It's hard to generalize about what makes great investors great, but one trait that's present in all of them is the ability to be contrarian. Certainly, American icons such as Warren Buffett, Jeremy Grantham and Howard Marks are able to go against the grain, as are our own Prem Watsa, Hanif Mamdani and Francis Chou, to name a few.
How does a contrarian streak contribute to their greatness? Well, oversized returns come when expectations for a company are low and the valuation on the stock is also low. This double-whammy means the risk is reduced, or at least well understood, and the upside is substantial if the investor is right.
As Oaktree Capital Management's Mr. Marks so aptly puts it, "The ultimately most profitable investment actions are by definition contrarian: You're buying when everyone else is selling (and the price is thus low) or you're selling when everyone else is buying (and price is high)."
Now, don't get me wrong. Heading west when everyone is going east doesn't guarantee success, but it tips the risk/reward balance in the investor's favour, setting up an asymmetric bet.
The reason there are so few great investors is partly because being contrarian is hard to do. It takes an open mind and lots of digging for the positives under the doom and gloom.
Contrarianism also runs again human nature. We take comfort from the warmth of the herd, rather than being out in the cold. And when we're shivering, nobody tells us how smart we are. Indeed, everyone will be going the other way and feeling supremely confident about it.
Professional investors know that the loneliest and riskiest time in their careers is when they're wrong on their own. It's way easier to keep their job, clients and bonuses when other managers have made the same mistake.
The wealth-management industry also makes it hard to be contrarian because its behaviours are decidedly pro-cyclical. The advice, advertising and product launches all reinforce the current cycle and tell us what's been working well.
In the late 1990s, when technology was running hot, there was a new tech fund created every week. In the early 2000s, after Canadian stocks had underperformed for a decade, fund firms began offering clone funds (which allowed investors to go all foreign in their registered retirement savings plans). And there was a wave of new gold funds five years ago after the price of the shiny metal had doubled.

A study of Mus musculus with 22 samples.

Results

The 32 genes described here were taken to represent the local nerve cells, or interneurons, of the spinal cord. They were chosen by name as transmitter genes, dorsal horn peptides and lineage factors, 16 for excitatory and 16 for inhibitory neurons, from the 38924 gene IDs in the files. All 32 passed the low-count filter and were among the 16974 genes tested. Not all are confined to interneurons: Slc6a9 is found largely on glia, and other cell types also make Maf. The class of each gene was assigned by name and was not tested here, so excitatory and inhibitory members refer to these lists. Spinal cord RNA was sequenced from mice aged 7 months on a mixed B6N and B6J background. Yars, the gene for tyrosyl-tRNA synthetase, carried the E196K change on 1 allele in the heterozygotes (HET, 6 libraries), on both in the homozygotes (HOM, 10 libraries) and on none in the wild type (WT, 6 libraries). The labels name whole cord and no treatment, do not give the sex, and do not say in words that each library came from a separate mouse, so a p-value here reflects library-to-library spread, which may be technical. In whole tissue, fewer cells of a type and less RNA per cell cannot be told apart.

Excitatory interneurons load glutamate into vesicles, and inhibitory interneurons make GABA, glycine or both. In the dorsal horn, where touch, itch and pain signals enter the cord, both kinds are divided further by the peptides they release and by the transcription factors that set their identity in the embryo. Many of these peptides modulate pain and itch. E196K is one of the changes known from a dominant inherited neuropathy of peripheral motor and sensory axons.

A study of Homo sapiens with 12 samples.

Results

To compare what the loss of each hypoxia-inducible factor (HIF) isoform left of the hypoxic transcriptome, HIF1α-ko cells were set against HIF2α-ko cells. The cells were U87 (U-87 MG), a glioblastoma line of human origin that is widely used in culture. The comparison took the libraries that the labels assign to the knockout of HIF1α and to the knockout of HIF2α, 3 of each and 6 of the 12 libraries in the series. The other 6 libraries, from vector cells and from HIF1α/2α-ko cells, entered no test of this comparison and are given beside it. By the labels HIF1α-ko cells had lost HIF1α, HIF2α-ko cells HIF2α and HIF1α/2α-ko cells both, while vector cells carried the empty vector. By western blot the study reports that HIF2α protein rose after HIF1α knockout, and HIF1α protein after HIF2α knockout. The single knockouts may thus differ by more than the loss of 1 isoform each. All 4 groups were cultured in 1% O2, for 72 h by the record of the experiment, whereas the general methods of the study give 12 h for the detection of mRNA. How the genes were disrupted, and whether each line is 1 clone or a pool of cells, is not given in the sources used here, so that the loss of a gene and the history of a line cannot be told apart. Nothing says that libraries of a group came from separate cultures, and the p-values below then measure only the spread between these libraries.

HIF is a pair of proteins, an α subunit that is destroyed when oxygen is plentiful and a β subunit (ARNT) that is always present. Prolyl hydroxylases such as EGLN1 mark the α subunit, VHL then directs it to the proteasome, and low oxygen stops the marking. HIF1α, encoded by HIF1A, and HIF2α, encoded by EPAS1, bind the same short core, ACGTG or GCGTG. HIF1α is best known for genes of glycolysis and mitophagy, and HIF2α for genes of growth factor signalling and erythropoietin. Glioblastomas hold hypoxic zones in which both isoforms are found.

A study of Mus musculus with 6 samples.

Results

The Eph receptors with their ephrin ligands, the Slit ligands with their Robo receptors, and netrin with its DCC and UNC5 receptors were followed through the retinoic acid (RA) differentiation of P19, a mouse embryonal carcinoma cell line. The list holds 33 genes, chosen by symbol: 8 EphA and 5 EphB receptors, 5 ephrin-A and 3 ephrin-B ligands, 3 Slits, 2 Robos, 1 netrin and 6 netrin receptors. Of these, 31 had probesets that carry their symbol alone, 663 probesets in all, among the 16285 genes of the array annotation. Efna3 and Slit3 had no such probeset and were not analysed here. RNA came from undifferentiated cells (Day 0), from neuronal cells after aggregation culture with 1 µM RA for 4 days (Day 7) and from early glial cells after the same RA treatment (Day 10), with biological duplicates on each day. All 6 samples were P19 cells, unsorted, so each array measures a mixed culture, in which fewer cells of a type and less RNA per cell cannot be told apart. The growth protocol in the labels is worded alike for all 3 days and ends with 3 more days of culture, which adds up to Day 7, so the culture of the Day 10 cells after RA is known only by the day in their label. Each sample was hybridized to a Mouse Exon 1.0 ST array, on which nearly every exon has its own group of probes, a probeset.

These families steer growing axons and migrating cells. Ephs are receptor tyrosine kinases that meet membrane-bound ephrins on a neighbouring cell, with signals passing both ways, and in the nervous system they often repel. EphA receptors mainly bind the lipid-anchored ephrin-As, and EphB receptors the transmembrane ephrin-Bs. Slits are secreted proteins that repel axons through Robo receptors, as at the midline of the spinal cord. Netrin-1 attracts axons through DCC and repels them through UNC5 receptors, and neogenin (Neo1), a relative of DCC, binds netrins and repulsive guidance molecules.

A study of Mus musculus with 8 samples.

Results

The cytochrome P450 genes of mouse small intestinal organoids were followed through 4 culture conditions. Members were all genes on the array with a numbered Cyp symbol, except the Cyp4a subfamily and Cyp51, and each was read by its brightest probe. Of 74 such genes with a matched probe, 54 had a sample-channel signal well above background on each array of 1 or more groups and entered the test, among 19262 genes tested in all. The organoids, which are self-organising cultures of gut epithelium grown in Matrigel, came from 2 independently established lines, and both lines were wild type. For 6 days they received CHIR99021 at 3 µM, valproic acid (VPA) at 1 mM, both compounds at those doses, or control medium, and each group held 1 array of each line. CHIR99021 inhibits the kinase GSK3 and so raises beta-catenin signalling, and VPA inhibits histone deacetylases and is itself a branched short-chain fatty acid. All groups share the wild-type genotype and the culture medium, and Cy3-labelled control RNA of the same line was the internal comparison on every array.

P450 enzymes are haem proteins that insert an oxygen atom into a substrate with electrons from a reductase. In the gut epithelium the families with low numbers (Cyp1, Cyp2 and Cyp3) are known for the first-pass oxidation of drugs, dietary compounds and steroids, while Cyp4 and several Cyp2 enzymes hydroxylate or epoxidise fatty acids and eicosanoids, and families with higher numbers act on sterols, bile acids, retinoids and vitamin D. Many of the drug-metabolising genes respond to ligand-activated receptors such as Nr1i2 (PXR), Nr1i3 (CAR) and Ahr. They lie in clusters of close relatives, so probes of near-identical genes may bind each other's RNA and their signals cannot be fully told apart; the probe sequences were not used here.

Today, when expected returns for stocks are getting back to normal, ads for safe, principal-protected products are beginning to appear.
So, while new products and client flows aren't a perfect contrarian indicator, they certainly point to where the consensus is. And by definition, contrarians need a consensus to lean against.
How can you fight the pro-cyclical wave and be more contrarian?
First, you need to have a strategic asset mix in place. A SAM, as we call it at our firm, lays out how your portfolio will be allocated across different asset types. It's a road map that gives you the best chance of achieving your long-term goals and, importantly, prevents you from getting too caught up in the latest hot trend.
Second, put restrictions on how far you'll vary from your SAM. If you feel compelled to invest in an industry you know (or work in), or pursue a locker-room tip, then put limits on how far you'll go. If gold is the only thing that makes you feel comfortable, then make it 5 per cent to 15 per cent of your portfolio, but not 50 per cent. Whatever the strategy, it has to be done in the context of a diversified portfolio.
Third, be skeptical of new product offerings. Make sure you understand how they will help you implement your SAM and why they're better than what you already own. Rather that searching for something new every RRSP season, I'd suggest looking inside your portfolio first. Allocating RRSP and tax-free savings account contributions to securities and/or funds that have been lagging is the move of a contrarian.
And finally, commit to reading some Mr. Buffett, Mr. Marks or Mr. Watsa each year. They're all great communicators and don't have a pro-cyclical bone in their bodies.
Tom Bradley is president of Steadyhand Investment Funds Inc.